I run the Brighton-based Mothers Uncovered, which I set up due to my own experiences of feeling panicky and isolated after becoming a mother. We provide creative peer support groups for mostly new, isolated mums. All our activities are run by past participants, who are paid to run sessions; sometimes they, and others, are faintly surprised that the work is not voluntary.

What has always struck me over the years of supporting women in matrescence (the transition into motherhood) is their struggle to define themselves and their place in the world. This is partly due to the bone-crunching tiredness; one of my favourite quotes when participants discussed what they would tell a pregnant woman was: ‘You don’t want to hear you’ll be so tired it hurts.’ There is also the overwhelming love and concern they have for their child and the loneliness and sometimes boredom of spending hours alone with their baby, which they must not mention as they will be told they are ungrateful.

However, the loss of identity is not talked about as much. After all, you were a woman, now you are a woman and a mother, which is a whole additional role. However, the act of becoming mother often subsumes that of woman and we realise that neither are particularly valued in the first place. Our worth in the world is only seen in monetary terms, how much revenue we create for our workplace. Everywhere around us, people are working for no money, looking after each other or their communities, yet this is not seen as important. It’s as if paying for this work, which a basic income would do, would sully it somehow, make it less noble. FYI, you can’t eat ‘noble.’

I was moved to support the basic income cause, in part because I’ve seen how many families, especially mothers, are struggling. About four years ago, the ONS estimated there were around two million mothers at home in the UK, branded ’economically inactive’, yet doing the equivalent of around £343 billion hours of unpaid childcare.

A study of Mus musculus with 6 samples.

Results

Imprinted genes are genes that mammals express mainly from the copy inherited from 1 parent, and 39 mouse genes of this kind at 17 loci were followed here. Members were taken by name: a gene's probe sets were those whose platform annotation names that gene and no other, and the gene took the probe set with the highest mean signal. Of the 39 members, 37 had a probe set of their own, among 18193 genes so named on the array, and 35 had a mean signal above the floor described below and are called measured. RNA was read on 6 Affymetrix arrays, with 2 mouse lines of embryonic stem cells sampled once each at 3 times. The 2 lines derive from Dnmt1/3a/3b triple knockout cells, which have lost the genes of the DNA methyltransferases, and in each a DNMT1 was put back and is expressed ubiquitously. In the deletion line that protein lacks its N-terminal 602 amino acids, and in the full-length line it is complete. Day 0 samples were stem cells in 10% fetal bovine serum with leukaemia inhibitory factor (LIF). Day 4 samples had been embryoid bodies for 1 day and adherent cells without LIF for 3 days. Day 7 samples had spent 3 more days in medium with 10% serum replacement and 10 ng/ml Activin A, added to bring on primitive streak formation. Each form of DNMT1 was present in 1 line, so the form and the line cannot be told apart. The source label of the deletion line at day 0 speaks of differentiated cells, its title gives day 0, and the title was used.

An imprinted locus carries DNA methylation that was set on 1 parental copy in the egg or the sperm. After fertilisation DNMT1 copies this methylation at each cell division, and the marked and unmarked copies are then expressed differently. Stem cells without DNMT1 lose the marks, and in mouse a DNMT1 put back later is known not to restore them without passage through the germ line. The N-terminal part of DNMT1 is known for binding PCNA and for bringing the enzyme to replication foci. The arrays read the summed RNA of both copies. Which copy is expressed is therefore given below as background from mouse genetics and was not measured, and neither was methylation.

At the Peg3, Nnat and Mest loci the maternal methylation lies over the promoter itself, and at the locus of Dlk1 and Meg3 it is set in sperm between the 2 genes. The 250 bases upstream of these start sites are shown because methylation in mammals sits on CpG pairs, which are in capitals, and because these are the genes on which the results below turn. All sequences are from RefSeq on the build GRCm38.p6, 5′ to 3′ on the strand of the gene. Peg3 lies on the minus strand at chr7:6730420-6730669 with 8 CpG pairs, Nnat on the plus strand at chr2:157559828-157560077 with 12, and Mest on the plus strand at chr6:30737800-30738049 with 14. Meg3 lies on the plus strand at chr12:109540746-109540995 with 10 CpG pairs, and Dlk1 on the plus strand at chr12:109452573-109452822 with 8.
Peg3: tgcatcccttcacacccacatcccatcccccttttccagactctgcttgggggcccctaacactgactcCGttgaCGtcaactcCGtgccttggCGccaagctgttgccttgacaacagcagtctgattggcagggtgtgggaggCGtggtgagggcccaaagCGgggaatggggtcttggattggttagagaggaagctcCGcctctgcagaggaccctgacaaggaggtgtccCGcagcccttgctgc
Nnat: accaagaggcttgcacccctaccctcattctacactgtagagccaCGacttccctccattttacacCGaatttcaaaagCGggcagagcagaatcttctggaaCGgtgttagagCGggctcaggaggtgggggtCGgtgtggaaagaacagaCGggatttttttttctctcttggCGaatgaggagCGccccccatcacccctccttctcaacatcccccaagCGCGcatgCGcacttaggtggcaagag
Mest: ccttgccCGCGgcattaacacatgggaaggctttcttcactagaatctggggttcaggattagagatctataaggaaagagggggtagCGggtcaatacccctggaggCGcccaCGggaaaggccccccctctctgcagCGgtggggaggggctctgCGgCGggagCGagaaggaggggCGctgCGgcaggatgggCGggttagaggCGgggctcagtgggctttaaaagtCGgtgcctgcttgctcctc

Participants in our groups always talk about when they ‘go back to work’ and we gently stop them and point out that they are working already. Soothing a screaming, teething baby is more work, I would argue, than someone doing a ‘bullshit job’ (David Graeber), such as phoning up a stranger to tell them they’ve been in a car accident and can claim compensation when they probably don’t own a car.

Participants are often wild-eyed and anxious about this return to their workplace and you can see why. They are fathoming how they will manage to leave their young baby, who has not been apart from them before, with people unfamiliar to them, while they go and earn just enough money to cover the childcare and exhaust themselves further into the bargain. And the woman (for it nearly always is) providing the childcare is probably leaving her children with someone else and on and on in a bizarre Russian doll set-up.

‘Oh, but Maggie,’ I hear you say. ‘Are you not a feminist? Are you suggesting women stay in the house all day, having and raising babies, instead of taking their place in the world of work?!’ Of course not. I was desperate for adult company and to contribute to society when I’d had my children. Mothers have ideas and ambition, but the fact that their vital work as mothers is not recognised as such has a detrimental effect on their mental health. Let us stop and consider the ridiculousness of a woman putting her child in the care of another which is work, but it is not work if she is doing it, or having to shun work in order to care for her child (also work).

Those that care for children, elders or the disabled (which is all of us at some point) should be supported to do their caring roles, not be stigmatised and shamed into ‘going back to work’. A basic income would give mothers a breathing space to negotiate a better, more harmonious return to a workplace that fitted with raising the next generation of society and critically would show their work as mothers is valued, thus enormously benefitting their wellbeing and those around them.